One of the most interesting things about the IFB community is how passionately and thoughtfully you respond to our posts that center around dealing with negativity. As much as we try to foster an atmosphere of respect, friendship and growth – there will always be those naysayers, won’t there?
The freedom we have allows us to navigate and participate around the Internet mostly unchecked, uninhibited and without restriction is one of the great blessings of the digital age. As we know though, there will always be people who have to take a good thing and turn it into an ugly one.
Cyberbullying and anonymous trolls who leave negative comments are an unavoidable aspect of being a blogger. (To clarify, we’re not talking about constructive criticism (and rejection) like in this post) By putting yourself out there (especially if you’re posting images of yourself) you’re accepting the risk that not everything you do will be received warmly and with positivity.
Inevitably, most bloggers will receive a painful, hurtful comment at some point. Probably more than one. They sting, they’re insulting and no matter how ridiculous or off-point the comment is – it’s only human to feel the burn.
Jessie Artigue, the blogger behind Style & Pepper recently dealt with an anonymous troll leaving various negative comments on her blog. She has a hard-and-fast policy to delete any comments that are profane or inappropriate – but what about the ones that are just mean? Far from constructive, it’s tough to know just what is the right way to deal with these kinds of remarks on your blog.
In the most recent instance, Jessie decided to respond. “This comment clearly wasn’t coming from a place of concern,” said Jessie when we spoke to her earlier today. “It wasn’t the first time I’ve received a comment of this nature, but it was the first time it elicited a response.”
She decided to respond for a couple reasons. “I wanted to make sure my readers knew I was paying attention to my comments and reading them, and leaving it unchecked or deleting it felt like I’d be letting this anonymous troll win.”
Jessie’s course of action was quick and deliberate. She was alerted to the comment early in the day, mulled over her options and thoughts for 15 minutes and wrote a succinct, constructive reply.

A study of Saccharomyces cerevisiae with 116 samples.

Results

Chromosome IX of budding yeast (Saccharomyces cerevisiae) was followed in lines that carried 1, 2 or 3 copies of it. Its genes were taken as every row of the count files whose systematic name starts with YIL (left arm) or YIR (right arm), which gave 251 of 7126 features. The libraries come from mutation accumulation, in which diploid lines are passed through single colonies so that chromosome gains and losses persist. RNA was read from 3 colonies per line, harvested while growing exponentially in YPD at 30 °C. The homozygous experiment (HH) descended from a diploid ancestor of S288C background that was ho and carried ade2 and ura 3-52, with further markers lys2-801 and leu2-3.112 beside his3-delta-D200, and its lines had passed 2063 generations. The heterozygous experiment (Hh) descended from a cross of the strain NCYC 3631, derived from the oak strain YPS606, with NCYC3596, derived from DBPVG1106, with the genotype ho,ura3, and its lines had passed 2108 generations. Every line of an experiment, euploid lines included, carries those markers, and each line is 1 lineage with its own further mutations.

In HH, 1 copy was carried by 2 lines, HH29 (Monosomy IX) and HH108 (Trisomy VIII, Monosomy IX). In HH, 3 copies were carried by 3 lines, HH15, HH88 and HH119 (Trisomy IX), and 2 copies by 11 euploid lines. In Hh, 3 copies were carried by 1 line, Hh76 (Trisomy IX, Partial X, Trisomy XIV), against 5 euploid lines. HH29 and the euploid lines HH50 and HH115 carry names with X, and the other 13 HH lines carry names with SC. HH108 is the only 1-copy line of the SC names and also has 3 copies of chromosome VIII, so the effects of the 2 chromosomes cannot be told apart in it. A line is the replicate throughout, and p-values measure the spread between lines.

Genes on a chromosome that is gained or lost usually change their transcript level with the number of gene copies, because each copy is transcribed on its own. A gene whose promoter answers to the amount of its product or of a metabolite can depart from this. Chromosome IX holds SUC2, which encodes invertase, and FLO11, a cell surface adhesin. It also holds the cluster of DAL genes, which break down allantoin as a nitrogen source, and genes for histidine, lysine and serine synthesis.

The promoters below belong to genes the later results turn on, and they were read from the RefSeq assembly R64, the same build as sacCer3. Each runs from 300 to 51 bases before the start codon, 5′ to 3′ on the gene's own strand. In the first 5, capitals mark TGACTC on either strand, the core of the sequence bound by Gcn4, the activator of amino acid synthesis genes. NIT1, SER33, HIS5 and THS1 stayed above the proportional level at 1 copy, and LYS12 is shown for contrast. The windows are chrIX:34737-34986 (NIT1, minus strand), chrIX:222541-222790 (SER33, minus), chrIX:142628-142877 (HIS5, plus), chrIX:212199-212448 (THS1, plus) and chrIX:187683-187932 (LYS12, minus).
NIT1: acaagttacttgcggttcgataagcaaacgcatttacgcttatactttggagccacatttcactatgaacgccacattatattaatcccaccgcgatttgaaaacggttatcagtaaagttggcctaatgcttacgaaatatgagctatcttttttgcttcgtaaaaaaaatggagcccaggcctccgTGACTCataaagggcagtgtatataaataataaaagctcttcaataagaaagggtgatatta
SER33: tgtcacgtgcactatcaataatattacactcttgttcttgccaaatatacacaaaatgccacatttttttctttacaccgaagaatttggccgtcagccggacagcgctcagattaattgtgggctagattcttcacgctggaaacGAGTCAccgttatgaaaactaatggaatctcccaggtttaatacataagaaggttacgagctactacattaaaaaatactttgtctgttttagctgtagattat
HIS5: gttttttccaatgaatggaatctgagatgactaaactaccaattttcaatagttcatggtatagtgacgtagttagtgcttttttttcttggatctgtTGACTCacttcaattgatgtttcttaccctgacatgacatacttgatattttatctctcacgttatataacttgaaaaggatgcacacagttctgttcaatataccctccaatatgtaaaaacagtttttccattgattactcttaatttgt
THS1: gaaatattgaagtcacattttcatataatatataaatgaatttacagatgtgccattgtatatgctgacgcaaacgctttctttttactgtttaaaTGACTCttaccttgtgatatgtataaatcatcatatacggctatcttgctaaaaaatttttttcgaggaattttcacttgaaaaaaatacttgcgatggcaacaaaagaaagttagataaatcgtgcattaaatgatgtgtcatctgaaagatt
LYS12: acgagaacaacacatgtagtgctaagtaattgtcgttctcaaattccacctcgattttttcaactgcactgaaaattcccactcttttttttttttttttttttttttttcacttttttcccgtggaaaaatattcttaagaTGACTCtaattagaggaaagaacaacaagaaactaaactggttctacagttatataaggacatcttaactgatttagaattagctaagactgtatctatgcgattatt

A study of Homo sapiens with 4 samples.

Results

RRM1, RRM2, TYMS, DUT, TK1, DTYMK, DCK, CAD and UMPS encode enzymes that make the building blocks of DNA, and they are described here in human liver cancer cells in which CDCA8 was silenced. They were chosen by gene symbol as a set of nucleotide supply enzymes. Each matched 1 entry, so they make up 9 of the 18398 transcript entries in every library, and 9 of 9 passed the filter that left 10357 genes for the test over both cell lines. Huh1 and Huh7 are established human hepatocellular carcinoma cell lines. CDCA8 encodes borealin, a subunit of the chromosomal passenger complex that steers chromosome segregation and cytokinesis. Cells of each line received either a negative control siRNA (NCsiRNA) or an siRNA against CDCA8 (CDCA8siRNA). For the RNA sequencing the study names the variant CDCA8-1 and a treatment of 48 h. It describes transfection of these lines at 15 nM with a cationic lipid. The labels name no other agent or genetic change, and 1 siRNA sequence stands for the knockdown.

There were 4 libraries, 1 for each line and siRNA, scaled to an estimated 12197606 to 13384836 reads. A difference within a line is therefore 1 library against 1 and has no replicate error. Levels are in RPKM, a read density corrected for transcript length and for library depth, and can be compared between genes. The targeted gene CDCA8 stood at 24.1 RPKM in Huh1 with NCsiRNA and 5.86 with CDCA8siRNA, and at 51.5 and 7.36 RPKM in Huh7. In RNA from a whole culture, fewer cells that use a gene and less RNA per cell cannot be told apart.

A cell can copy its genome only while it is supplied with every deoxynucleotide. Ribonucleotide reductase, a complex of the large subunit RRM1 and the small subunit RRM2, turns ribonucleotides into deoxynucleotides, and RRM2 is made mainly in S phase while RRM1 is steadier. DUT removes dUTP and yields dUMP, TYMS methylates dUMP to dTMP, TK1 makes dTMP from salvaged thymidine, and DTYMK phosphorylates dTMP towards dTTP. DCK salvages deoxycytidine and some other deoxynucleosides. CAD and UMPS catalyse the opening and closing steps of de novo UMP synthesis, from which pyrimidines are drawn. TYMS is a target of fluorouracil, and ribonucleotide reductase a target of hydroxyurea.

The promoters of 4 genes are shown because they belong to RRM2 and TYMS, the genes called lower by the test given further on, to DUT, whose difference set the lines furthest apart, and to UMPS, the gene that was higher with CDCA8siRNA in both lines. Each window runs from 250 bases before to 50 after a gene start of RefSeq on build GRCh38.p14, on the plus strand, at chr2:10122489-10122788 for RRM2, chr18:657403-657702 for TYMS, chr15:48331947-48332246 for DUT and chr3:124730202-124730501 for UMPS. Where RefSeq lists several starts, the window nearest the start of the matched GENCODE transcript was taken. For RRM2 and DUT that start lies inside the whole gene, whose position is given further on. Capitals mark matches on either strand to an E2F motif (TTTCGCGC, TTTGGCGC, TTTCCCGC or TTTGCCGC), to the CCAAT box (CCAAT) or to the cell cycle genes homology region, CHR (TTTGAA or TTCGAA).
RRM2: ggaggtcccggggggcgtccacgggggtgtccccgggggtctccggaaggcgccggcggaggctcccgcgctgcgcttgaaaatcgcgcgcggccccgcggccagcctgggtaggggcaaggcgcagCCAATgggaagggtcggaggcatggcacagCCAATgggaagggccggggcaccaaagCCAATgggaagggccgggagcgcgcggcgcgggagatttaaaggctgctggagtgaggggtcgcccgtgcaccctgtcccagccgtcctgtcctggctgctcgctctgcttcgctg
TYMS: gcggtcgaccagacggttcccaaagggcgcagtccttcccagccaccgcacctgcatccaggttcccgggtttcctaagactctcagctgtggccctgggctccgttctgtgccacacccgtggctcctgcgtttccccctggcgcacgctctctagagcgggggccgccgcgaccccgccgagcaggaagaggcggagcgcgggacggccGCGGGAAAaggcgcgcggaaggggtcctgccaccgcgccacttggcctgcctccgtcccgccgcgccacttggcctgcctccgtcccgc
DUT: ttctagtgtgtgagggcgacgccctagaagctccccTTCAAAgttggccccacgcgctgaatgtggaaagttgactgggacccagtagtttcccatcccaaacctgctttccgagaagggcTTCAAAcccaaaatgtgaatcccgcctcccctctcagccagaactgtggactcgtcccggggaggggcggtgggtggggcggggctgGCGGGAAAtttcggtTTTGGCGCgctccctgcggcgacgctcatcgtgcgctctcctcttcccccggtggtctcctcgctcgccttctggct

“Once I responded, I felt like I had taken the power away from the comment, and from the person who left it,” Jessie said. “It wasn’t about winning or getting into a bickering battle with this person – and I learned a valuable lesson in responding for the first time. I was able to let it go and move on as soon as I pressed “reply.””
Naturally, she wondered if responding might inspire an even more biting return, but is determined not to let what may be bother her too much. She says she’ll go forward taking any future comments on a case-by-case basis, but found that responding in her usual voice, which is both light-hearted and professional, was the most honest way she could approach the situation.
Responding to every negative comment (or any at all) may not be the right approach for everyone, and how any blogger handles trolls and bullying is a deeply personal decision. Whatever action you take, it should be the one that makes you feel better.
What can you do about bullies and trolls?
- Delete the comment.
- Respond to the comment. How you do this is up to you, but generally we’d advise you not to engage in a verbal battle with this person – especially if it’s an “anon.”
- If the comment isn’t anonymous, respond privately via email.
- Create a “comment policy” for your blog that outlines the kinds of comments that are encouraged, and aserts that you have the right to delete things that don’t fall under your suggested guidelines.
- Implement a comment approval barrier, so you see each comment and approve it before it can appear on your blog
- Use a captcha system to put up a barrier against spammers and robots.
The goal is not to let others define you with their judgmental, hurtful comments. Let your actions, your words and your strength define your character both on and offline.
Have you dealt with cyberbullying or trolls as a blogger? How should bloggers handle these kinds of situations?